The Burgess Shale

Ottoia prolifica

The most common Burgess Shale worm

3D animation of Ottoia prolifica.



Kingdom: Animalia
Phylum: Priapulida
Higher Taxonomic assignment: Unranked clade (stem group priapulids)
Species name: Ottoia prolifica

Ottoia has been compared to the nemathelminth worms (Maas et al., 2007), but most analyses support a relationship with the priapulids at a stem-group level (Harvey et al., 2010; Wills, 1998).

Described by: Walcott
Description date: 1911

Ottoia – from Otto Pass (2,106 m), a few kilometres north-west of the Burgess Shale. The pass was named after Otto Klotz, an astronomer working for the Department of the Interior along the Canadian Pacific Railroad (read about Otto Klotz in the section “First Discoveries”)

prolifica – from the Latin proles, “offspring,” and ferax, “rich, fruitful,” in reference to the great number of specimens discovered.

Type Specimens: Lectotype –USNM57619 in the National Museum of Natural History, Smithsonian Institution, Washington, DC, USA.
Other species:

Burgess Shale and vicinity: none

Other deposits: Ottoia sp. from the Lower Cambrian Pioche Shale, Nevada (Lieberman, 2003).

Age & Localities:

Middle Cambrian, Bathyuriscus-Elrathina Zone to Ptychagnostus punctuosus Zone (approximately 505 million years ago).
Principal localities:

Burgess Shale and vicinity: The Walcott and Raymond Quarries on Fossil Ridge, the Collins Quarry, the Tulip Beds (S7) and smaller localities on Mount Stephen. Smaller localities on Mount Field, Mount Odaray and Monarch Cirque.

Other deposits: The same species also occurs in the Middle Cambrian Spence Shale and Marjum Formations, Utah (Conway Morris and Robison, 1986).

History of Research:

Brief history of research:

Charles Walcott (1911) first described Ottoia as a tentative member of the now-dismantled grouping of worms called the Gephyrea, which included the priapulids as well as the sipunculans and echiurans. He emphasized a comparison with the sipunculans, leading some subsequent authors to consider it as a member of this phylum; others, however, suggested affinities with the parasitic acanthocephalans, or the priapulids (Banta and Rice, 1970). A re-analysis of the fossil material itself was not conducted until the 1970s, with work by Banta and Rice (1970) and Conway Morris (1977) supporting a relationship with the priapulids, which was later demonstrated to be at a stem-group level (Wills, 1998). Other work has focussed on the ecology of the Burgess Shale representatives (Bruton, 2001; Vannier, 2009; Vannier et al., 2010).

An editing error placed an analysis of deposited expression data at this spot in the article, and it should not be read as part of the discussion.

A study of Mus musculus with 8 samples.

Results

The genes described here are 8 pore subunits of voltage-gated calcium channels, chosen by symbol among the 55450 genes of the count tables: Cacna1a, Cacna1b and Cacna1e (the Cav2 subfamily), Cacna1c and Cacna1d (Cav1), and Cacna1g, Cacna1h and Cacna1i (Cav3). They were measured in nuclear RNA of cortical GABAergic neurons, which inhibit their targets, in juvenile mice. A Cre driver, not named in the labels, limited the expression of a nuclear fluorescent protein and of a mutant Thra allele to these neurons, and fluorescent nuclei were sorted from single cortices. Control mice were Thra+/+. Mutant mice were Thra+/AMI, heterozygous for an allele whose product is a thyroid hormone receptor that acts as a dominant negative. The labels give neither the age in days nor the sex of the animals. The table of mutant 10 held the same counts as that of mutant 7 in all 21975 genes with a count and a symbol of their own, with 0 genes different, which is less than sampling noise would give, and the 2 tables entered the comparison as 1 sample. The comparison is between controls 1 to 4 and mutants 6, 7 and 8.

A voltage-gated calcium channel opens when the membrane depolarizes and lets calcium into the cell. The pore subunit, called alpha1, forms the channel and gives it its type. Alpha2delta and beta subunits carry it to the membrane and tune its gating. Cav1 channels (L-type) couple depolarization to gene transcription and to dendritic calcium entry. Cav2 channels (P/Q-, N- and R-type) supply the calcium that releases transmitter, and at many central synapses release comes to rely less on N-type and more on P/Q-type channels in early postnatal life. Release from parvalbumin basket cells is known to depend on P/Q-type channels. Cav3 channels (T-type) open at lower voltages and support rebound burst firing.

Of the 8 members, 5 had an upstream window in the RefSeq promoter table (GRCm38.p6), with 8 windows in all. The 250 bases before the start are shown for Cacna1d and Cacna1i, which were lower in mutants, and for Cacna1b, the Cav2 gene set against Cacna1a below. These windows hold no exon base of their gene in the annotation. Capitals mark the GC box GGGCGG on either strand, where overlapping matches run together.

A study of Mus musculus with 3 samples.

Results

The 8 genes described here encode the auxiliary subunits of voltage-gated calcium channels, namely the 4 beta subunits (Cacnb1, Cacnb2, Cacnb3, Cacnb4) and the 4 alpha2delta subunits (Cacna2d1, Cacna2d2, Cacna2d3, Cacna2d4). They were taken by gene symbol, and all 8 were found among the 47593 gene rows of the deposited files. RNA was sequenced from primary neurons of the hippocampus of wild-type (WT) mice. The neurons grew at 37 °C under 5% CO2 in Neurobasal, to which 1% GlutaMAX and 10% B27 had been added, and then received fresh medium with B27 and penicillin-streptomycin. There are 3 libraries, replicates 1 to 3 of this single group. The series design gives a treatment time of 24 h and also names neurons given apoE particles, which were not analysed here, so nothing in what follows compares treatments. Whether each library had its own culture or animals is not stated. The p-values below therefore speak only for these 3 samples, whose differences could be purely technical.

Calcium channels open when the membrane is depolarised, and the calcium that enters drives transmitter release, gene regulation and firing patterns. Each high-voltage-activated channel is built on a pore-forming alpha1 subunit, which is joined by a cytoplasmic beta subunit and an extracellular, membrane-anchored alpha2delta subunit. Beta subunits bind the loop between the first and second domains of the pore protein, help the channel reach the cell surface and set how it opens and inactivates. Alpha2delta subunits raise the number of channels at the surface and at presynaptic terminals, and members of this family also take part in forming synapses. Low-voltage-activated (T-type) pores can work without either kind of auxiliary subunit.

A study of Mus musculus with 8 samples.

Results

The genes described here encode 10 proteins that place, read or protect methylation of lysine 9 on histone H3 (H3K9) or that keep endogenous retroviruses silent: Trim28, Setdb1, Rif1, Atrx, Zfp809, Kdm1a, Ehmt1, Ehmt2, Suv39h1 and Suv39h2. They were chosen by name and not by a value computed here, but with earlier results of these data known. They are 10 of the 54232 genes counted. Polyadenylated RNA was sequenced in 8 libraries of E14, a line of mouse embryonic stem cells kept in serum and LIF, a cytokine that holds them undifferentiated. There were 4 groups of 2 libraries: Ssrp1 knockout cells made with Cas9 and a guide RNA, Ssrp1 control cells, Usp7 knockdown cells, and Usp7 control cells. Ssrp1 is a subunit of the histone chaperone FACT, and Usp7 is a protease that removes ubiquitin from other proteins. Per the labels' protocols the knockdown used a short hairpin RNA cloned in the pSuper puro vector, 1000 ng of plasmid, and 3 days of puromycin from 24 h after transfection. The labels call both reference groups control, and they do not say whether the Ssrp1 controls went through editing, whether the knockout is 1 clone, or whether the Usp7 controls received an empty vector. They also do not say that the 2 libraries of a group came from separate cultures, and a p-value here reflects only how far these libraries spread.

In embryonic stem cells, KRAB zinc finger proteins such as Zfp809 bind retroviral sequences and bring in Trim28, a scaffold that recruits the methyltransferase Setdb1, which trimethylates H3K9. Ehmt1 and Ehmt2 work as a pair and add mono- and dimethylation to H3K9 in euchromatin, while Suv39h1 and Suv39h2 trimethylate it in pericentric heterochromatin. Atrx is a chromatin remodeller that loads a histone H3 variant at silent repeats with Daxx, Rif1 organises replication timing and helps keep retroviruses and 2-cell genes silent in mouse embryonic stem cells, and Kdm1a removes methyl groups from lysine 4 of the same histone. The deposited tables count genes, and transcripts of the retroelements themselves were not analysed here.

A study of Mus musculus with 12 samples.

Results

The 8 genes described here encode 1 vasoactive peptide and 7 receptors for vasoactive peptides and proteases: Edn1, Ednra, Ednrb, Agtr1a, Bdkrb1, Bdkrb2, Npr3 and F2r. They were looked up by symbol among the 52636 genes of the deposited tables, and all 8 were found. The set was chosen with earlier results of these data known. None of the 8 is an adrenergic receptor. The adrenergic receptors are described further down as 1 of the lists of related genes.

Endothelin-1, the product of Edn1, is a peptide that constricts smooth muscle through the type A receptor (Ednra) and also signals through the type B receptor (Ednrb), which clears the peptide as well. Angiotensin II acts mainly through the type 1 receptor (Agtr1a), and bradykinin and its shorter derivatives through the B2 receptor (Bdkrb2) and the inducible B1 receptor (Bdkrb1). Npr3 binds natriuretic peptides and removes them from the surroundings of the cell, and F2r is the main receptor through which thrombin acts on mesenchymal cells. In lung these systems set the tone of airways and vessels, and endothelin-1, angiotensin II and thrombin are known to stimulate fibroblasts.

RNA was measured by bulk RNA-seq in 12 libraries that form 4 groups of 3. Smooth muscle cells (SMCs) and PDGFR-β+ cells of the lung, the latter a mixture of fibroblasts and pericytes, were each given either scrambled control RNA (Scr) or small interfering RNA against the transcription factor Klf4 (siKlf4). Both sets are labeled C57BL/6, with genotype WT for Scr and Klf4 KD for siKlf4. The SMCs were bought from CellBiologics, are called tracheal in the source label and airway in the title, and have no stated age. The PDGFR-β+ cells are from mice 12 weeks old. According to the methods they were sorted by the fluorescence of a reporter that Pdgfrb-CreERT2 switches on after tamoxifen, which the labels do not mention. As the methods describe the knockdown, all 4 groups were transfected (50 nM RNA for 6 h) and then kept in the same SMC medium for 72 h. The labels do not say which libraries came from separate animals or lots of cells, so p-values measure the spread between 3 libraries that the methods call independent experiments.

Ottoia is a priapulid worm with a tooth-lined mouthpart (proboscis) that could be inverted into the trunk; a short posterior tail extension could also be inverted. Ottoia reached 15 cm in length; the smallest specimens – presumably juveniles, but identical to adults – were just 1 cm long. The proboscis was adorned with 28 rows of hooks interspersed with a variety of spines. The worms are usually found curved into a U-shape, with their sediment-filled guts often visible running down the centre of the organism. The trunk was annulated, and bore two sets of four hooks arranged in a ring towards the rear end; these are the only traces of bilateral symmetry, with a radial symmetry superimposed on the organism. Ottoiaperiodically shed its cuticle to allow growth.


Ottoia is one of the more abundant Burgess Shale organisms, accounting for over 80% of the Walcott Quarry priapulids (Conway Morris, 1977) and over 1.3% of the entire Walcott Quarry community (Caron and Jackson, 2008); thousands of specimens are known.

Maximum Size:
150 mm


Life habits: Endobenthic, Mobile
Feeding strategies: Carnivorous
Ecological Interpretations:

Specimens of Haplophrentis carinatus preserved in the gut indicate that this hyolith was a staple of the Ottoia diet (Conway Morris, 1977). One fossil slab also shows nine specimens feeding on a recently-dead Sidneyia carcass (Bruton, 2001).


BANTA, W. C. AND M. E. RICE. 1970. A restudy of the Middle Cambrian Burgess Shale fossil worm, Ottoia prolifica. International Symposium on the Biology of the Sipuncula and Echiura 2, Kotor: 79-90.

BRUTON, D. L. 2001. A death assemblage of priapulid worms from the Middle Cambrian Burgess Shale. Lethaia, 34(2):163-167.

CARON, J.-B. AND D. A. JACKSON. 2008. Paleoecology of the Greater Phyllopod Bed community, Burgess Shale. Palaeogeography, Palaeoclimatology, Palaeoecology, 258: 222-256.

CONWAY MORRIS, S. 1977. Fossil priapulid worms. Special Papers in Palaeontology, 20: 1-95.

CONWAY MORRIS, S. AND J. S. PEEL. 2009. New Palaeoscolecidan Worms from the Lower Cambrian: Sirius Passet, Latham Shale and Kinzers Shale. Acta Palaeontologica Polonica, 55(1): 141-156.

HARVEY, T. H. P., X. DONG AND P. C. J. DONOGHUE. 2010. Are palaeoscolecids ancestral ecdysozoans? Evolution & Development, 12(2): 177-200.

MAAS, A., D. HUANG, J. CHEN, D. WALOSZEK AND A. BRAUN. 2007. Maotianshan-Shale nemathelminths – Morphology, biology, and the phylogeny of Nemathelminthes. Palaeogeography, Palaeoclimatology, Palaeoecology, 254(1-2): 288-306.

WALCOTT, C. 1911. Cambrian Geology and Paleontology II. Middle Cambrian annelids. Smithsonian Miscellaneous Collections, 57(5): 109-145.